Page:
Tillman Road WMA locator map

Fishing Bird Viewing Accessible Parking icon key

The primary purposes of the Tillman Road Wildlife Management Area (WMA) are for wildlife management, wildlife habitat management, and wildlife-dependent recreation. This is a 239-acre property located eight miles east of the City of Buffalo. The area is primarily wetland with some old farm fields and two small quarry ponds. The outstanding feature is a cattail marsh which attracts large numbers of waterfowl during spring and fall migration. The area has extensive trails for wildlife observation along with viewing areas and 300 feet of boardwalk, which are universal accessible.

Featured Activities

Fishing

Fishing

General information on fishing includes how-to and safety tips and links to seasons, rules, and regulations.

Wildlife

Bird Viewing

General information on animals includes links to information about birds, mammals, fish, reptiles, amphibians, and insects that inhabit or migrate through the state.

Deer, turkeys, black bears, squirrels, and a host of songbirds frequent the area. Use the Wildlife Management Area Mammal Checklist (PDF 453 KB) and the Wildlife Management Area Bird Checklist (PDF 240 KB) as a wildlife viewing guide.

Accessible Features

Accessible

General information on accessible recreation includes links to other locations with accessible recreation opportunities and information on permits for motorized access.

Tillman Road brown sign

Directions

Parking

From Interstate 90, take Exit 49 and head north on Route 78. Turn right onto Wehrle Drive and continue for 4.7 miles until reaching the WMA on the right.

All coordinates provided are in decimal degrees using NAD83/WGS84 datum.

Rules, Regulations & Outdoor Safety

Practice Leave No Trace Principles (leaves DEC website) when recreating on state land to enjoy the outdoors responsibly; minimize impact on the natural resources and avoid conflicts with other users.

All users of Tillman Road Wildlife Management Area must follow all State Land Use Regulations and should follow all Outdoor Safety Practices for the safety of the user and protection of the resource.

Activity Rules & Regulations

Entrance to Tillman Road WMA
Entrance to Tillman Road WMA

The following activities are not permitted in Tillman Road WMA:

  • Using motorized vehicles, including:
    • all-terrain vehicles
    • snowmobiles
    • motorboats
  • Hunting
  • Trapping
  • Discharge of firearms
  • Swimming (no lifeguard on premises) or bathing
  • Camping
  • Using metal detectors, searching for or removing historic or cultural artifacts without a permit
  • Damaging or removing gates, fences, signs, or other property
  • Overnight storage of boats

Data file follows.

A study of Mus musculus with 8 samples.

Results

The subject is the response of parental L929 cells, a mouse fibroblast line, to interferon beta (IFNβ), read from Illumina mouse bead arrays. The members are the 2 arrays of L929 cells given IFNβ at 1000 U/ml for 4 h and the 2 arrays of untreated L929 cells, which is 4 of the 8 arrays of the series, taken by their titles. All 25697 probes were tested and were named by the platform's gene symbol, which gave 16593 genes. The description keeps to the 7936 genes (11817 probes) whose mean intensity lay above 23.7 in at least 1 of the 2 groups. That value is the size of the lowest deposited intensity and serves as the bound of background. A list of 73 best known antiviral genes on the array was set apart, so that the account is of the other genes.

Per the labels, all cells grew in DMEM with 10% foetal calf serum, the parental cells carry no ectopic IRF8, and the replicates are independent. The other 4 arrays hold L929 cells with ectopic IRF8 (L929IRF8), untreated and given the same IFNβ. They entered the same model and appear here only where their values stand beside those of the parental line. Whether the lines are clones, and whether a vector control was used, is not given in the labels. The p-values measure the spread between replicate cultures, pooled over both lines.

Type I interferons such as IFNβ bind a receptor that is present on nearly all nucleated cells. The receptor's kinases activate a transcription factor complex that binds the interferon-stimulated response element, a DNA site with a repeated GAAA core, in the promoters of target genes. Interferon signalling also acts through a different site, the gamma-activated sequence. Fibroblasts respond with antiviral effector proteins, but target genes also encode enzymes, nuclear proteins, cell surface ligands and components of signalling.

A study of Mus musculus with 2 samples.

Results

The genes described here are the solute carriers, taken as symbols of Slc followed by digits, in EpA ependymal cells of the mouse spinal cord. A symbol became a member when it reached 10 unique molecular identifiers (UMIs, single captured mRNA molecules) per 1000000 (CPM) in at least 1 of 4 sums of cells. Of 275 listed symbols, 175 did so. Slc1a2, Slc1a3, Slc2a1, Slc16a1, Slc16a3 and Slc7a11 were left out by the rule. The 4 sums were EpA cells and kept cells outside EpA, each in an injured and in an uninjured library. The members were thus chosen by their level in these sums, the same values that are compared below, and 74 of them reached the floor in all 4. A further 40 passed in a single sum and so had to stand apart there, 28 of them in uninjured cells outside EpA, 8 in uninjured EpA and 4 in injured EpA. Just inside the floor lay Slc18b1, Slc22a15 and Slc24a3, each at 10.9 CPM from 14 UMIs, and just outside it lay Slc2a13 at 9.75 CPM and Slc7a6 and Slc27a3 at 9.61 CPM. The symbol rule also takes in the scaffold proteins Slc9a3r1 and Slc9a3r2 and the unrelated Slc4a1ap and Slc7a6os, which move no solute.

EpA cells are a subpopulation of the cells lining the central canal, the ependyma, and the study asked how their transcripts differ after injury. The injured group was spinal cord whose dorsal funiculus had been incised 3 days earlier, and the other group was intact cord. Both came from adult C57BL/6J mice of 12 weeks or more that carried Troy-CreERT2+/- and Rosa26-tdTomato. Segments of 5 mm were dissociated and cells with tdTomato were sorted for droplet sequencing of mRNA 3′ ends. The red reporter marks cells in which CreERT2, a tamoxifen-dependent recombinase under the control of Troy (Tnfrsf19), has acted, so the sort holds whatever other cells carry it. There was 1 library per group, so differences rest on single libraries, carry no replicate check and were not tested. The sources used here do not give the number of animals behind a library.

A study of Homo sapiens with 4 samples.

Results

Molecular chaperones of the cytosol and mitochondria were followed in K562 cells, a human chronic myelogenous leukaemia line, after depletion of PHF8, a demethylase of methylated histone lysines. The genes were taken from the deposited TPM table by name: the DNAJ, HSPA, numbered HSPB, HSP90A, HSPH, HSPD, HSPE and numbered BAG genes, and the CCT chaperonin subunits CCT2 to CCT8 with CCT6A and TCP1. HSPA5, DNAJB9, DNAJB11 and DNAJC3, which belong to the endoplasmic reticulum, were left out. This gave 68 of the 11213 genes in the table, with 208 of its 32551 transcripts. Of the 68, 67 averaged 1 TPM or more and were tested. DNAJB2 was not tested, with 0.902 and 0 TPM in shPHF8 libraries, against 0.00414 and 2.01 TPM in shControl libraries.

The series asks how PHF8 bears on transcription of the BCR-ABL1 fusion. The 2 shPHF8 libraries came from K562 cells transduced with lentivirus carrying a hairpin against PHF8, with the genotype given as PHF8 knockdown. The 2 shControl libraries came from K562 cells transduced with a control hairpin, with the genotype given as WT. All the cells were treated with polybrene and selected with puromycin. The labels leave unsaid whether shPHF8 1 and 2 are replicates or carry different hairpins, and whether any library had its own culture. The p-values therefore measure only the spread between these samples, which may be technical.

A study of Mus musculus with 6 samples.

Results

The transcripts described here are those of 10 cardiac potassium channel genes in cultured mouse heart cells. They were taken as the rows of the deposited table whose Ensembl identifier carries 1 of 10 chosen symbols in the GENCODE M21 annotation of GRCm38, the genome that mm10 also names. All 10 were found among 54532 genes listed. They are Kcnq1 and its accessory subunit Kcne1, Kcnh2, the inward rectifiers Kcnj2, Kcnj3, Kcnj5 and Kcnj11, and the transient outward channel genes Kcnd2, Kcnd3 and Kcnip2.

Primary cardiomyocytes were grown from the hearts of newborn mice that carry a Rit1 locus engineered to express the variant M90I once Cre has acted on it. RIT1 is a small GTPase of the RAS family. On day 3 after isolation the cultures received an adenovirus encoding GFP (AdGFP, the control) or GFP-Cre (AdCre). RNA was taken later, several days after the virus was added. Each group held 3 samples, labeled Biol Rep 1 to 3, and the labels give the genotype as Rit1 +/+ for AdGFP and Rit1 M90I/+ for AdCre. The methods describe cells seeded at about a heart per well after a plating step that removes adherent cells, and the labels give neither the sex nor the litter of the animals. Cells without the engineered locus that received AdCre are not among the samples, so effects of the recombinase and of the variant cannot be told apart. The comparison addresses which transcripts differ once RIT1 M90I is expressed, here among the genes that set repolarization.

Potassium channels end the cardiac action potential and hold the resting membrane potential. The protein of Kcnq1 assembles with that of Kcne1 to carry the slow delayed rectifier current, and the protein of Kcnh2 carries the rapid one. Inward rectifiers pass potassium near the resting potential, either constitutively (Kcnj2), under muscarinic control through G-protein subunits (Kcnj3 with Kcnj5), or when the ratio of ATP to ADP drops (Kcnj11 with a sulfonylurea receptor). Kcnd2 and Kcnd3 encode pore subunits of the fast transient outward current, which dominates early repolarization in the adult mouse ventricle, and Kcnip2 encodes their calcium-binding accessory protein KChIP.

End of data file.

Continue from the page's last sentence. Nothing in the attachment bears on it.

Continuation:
• Cutting, removing or damaging living vegetation
  • Construction of permanent blinds or other structures such as tree stands
  • Littering
  • Storage of personal property

Outdoor Safety Tips

NOTE: Ticks are active whenever temperatures are above freezing, but especially so in the late spring and early fall. Deer ticks can transmit Lyme and several other diseases. More information on deer ticks and Lyme disease can be obtained from the NYS Department of Health (leaves DEC website).

Wildlife Restoration Logo

How We Manage Tillman Road Wildlife Management Area

Like most of the state's Wildlife Management Areas, Tillman Road is managed by DEC's Division of Fish and Wildlife for wildlife conservation and wildlife-associated recreation (hunting, trapping, wildlife viewing/photography). Funding to maintain and manage this site is provided by the Federal Aid in Wildlife Restoration or "Pittman-Robertson" Act, which is acquired through excise taxes on sporting arms, ammunition, and archery equipment.

Some of the principal management objectives and techniques for this WMA is to provide habitat for a variety of resident and migratory species and to permit compatible wildlife related recreational use.

History

Many years ago the land on this WMA was cleared and used for farming. The last record of farming was in the 1940s. In addition to farming, mining of local deposits of gravel occurred during this period. There were many areas of disturbance such as shallow pits, mounds, spoil pits, and ponds. The parcel was acquired by the DEC in 1977 with funds from the Environmental Bond Act of 1972.

Nearby State Lands, Facilities, Amenities & Other Information

Web links below can provide information about other recreation, attractions, and amenities in this area.

State Lands and Facilities

Numerous guide books and maps are available with information on the lands, waters, trails, and other recreational facilities in this area. These can be purchased at most outdoor equipment retailers, bookstores, and on-line booksellers.

Additional information, outdoor equipment, trip suggestions and guided or self-guided tours may be obtained from outdoor guide and outfitting businesses. Check area chambers of commerce, telephone directories, or search the internet for listings.

Consider hiring an outdoor guide if you have little experience or woodland skills. See the NYS Outdoor Guides Association (leaves DEC website) for information on outdoor guides.